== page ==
Multi-million pound commercial deals defended by council amid criticism
PUBLISHED: 06:56 14 November 2018 | UPDATED: 16:32 14 November 2018
North Somerset Council insists its commercial investment decisions are based on a ‘sound business case’ after the authority spent more than £50million on acquisitions this year.
Local authorities across the country have been criticised by the Chartered Institute for Public Finance and Accountancy (CIPFA) for putting money at ‘unnecessary or unquantified risk’ when borrowing to invest in commercial property.
In a statement, CIPFA, the accountancy institute for the public sector, said councils ‘must not borrow more than or in advance of their needs purely in order to profit from the investment of the extra sums borrowed’.
The council used a £37.95million bank loan to purchase North Worle District Centre in February, while a deal to buy Weston’s Sovereign Shopping Centre using £21million of borrowed funds was agreed in April.
CIPFA will issue more guidance to authorities as it believes these investment approaches ‘are not consistent with the requirements of fiscal sustainability, prudence and affordability’.
The council hopes to make more than £1million from the Sovereign Centre and at least £225,000 in the first year of its North Worle District Centre ownership but insists it has not borrowed funds ‘purely to make a profit’.
Its spokesman said: “We always consider the legal framework within its financial planning and strategic decision making and we have given due regard to CIPFA’s core principles of prudence, affordability and sustainability in respect of commercial investment activities.
“We can assure people the council has not borrowed more than, or in advance of need, purely to make a profit.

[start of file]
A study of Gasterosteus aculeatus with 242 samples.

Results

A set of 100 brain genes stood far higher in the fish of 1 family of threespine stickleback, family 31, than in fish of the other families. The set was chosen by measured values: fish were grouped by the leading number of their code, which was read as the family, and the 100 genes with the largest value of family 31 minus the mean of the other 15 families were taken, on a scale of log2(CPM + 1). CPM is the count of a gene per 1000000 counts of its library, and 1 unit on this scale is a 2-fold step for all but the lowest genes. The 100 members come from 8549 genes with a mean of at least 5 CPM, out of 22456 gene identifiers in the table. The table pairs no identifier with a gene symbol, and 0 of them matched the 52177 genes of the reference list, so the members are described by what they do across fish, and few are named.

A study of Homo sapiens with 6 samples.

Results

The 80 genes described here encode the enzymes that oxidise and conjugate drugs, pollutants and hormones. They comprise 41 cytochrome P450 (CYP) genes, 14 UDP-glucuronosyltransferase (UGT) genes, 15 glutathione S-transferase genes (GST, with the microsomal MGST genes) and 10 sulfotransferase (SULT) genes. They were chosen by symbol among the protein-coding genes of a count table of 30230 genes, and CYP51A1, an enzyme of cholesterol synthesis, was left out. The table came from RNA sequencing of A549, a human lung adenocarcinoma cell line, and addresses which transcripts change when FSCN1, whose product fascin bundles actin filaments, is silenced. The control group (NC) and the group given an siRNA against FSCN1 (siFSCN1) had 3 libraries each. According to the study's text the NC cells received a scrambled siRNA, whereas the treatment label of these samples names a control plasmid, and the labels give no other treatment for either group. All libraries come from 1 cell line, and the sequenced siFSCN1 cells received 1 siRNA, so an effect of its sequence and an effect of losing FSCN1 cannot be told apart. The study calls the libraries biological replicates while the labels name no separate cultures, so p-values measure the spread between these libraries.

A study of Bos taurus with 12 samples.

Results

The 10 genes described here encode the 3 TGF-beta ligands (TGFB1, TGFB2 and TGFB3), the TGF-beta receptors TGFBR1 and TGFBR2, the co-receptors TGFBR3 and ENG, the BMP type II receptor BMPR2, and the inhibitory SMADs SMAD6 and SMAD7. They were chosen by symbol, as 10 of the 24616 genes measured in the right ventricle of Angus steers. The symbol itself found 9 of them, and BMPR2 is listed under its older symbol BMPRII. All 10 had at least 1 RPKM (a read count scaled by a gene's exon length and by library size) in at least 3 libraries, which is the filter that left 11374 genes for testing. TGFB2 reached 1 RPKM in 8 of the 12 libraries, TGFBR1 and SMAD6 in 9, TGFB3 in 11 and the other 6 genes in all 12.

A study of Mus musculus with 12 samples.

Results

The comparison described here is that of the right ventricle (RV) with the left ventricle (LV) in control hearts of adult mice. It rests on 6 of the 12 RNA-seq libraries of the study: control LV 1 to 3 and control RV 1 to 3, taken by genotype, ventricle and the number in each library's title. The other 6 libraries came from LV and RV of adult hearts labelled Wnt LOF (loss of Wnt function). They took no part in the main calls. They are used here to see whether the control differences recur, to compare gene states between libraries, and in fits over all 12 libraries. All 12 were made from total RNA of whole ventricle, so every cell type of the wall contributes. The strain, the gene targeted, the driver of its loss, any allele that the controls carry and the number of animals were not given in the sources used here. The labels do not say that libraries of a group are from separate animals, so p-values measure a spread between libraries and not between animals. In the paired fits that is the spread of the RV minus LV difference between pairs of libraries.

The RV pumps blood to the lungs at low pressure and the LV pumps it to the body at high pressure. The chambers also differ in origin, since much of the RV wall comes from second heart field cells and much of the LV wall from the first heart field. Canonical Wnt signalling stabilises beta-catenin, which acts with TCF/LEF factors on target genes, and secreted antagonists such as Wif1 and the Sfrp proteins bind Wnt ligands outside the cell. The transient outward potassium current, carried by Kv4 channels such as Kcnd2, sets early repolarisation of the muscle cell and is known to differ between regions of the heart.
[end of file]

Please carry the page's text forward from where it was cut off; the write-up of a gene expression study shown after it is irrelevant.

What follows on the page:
“Our strategy is very much focused upon investing within our area so we understand the wider economic, social and regeneration impacts of any decisions.
“Each of our commercial investment decisions is based on a sound business case with modelling undertaken to consider a range of risks and sensitivity analysis options.
“We regularly monitor and report our prudential borrowing limits to demonstrate the affordability and sustainability compared to our revenue budgets.
“Our commercial investment programme is fairly modest compared to many others.”
Worle councillor and CIPFA accountant Denise Hunt told the Mercury: “North Somerset Council needs to take note of this advice given its recent foray into speculative retail commercial deals, particularly when added to people’s concerns about the risky nature of the purchases.
“These are strong words from CIPFA and while councils have been forced in the face of massive government cuts in funding to seek income generating opportunities, clearly they need to act prudently and not speculatively.
“I am keen for the council to act appropriately in residents best interests and not to expose the council tax payer to any excessive risk.”